National Bureau of Statistics reported drop of 2.08m, or 0.15%, bringing total population to 1.409b
China’s population has declined for the second consecutive year, marking a significant demographic shift with profound implications for the nation’s economic trajectory, Reuters reported.
The National Bureau of Statistics reported a drop of 2.08 million people, or 0.15%, bringing the total population to 1.409 billion in 2023. This decline follows a record-low birth rate and a surge in COVID-19 deaths following the lifting of strict lockdowns.
The COVID-19 surge contributed to a 6.6% increase in total deaths, reaching 11.1 million, the highest death rate since 1974. New births fell by 5.7% to 9.02 million, with a record-low birth rate of 6.39 births per 1,000 people.
China’s birth rate has been decreasing for decades due to factors such as the one-child policy (1980-2015) and rapid urbanisation, making child-rearing more expensive.
Economic challenges, including high youth unemployment, falling wages for white-collar workers, and a property sector crisis, further deterred family planning in 2023.
The data raises concerns about China’s economic prospects, indicating diminishing growth potential due to a shrinking workforce and consumer base. As elderly care costs rise, and retirement benefits strain local governments, the challenges of an ageing population loom large.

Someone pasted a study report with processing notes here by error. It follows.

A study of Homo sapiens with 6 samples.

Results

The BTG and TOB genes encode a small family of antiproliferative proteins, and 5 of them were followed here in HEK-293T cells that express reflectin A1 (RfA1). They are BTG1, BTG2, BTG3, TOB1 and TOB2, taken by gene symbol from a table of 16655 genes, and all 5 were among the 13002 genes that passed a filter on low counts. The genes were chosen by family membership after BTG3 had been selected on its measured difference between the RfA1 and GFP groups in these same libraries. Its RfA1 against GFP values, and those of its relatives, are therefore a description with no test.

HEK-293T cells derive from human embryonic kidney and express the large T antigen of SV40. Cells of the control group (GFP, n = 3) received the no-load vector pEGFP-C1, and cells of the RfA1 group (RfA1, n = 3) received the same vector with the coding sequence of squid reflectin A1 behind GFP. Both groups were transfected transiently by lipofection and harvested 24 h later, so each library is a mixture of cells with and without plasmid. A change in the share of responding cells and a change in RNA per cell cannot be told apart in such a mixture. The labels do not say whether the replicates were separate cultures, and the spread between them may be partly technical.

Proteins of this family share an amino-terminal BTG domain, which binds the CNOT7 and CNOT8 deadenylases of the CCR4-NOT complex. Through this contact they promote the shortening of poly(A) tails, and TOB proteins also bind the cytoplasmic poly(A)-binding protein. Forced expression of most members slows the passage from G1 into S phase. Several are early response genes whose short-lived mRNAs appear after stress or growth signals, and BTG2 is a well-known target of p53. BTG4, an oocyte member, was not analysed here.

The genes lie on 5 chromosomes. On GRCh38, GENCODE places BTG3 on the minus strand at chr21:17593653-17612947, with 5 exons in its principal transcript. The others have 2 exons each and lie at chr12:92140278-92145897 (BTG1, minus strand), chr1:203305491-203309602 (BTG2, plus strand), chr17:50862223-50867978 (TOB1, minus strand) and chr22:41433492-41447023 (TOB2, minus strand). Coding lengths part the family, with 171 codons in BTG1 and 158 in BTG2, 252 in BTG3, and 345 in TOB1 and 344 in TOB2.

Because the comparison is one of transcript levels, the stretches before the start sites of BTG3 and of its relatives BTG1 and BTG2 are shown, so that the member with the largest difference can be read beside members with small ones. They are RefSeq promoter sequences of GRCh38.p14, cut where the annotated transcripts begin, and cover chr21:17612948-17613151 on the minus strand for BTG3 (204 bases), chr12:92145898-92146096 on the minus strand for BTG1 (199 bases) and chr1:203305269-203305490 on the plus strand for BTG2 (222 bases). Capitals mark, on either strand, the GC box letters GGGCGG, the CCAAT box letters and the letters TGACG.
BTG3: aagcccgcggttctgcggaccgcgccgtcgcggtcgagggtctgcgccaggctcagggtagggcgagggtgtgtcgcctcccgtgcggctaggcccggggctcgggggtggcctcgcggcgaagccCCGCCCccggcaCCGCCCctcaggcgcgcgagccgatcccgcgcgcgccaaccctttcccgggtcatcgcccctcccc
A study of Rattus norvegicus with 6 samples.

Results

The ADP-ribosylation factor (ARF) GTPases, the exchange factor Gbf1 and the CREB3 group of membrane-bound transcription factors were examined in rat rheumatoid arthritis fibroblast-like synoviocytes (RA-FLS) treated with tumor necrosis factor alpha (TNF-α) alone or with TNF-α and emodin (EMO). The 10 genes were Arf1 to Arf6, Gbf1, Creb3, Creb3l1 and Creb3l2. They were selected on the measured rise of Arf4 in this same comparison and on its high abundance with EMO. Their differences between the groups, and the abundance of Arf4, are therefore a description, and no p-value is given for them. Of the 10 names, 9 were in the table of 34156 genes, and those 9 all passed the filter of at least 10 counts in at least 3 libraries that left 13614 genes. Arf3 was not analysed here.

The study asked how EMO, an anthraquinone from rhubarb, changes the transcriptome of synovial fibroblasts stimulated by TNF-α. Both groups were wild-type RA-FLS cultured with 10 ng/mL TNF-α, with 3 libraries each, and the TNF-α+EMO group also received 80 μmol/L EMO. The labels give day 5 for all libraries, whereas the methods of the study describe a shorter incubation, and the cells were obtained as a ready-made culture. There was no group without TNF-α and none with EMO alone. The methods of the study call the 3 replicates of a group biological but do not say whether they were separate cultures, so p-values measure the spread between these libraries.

The ageing population is a growing concern, with those aged 60 and overreaching 296.97 million in 2023, comprising 21.1% of the total population. The strain on the pension system is anticipated to lead to financial challenges, with projections indicating a shortfall by 2035.
Efforts by local governments to encourage childbirth through measures like tax deductions and longer maternity leave face challenges, prompting calls for a unified nationwide family subsidy scheme. The reluctance to have children is influenced by factors such as high childcare costs, job market uncertainty, gender discrimination, and traditional family expectations.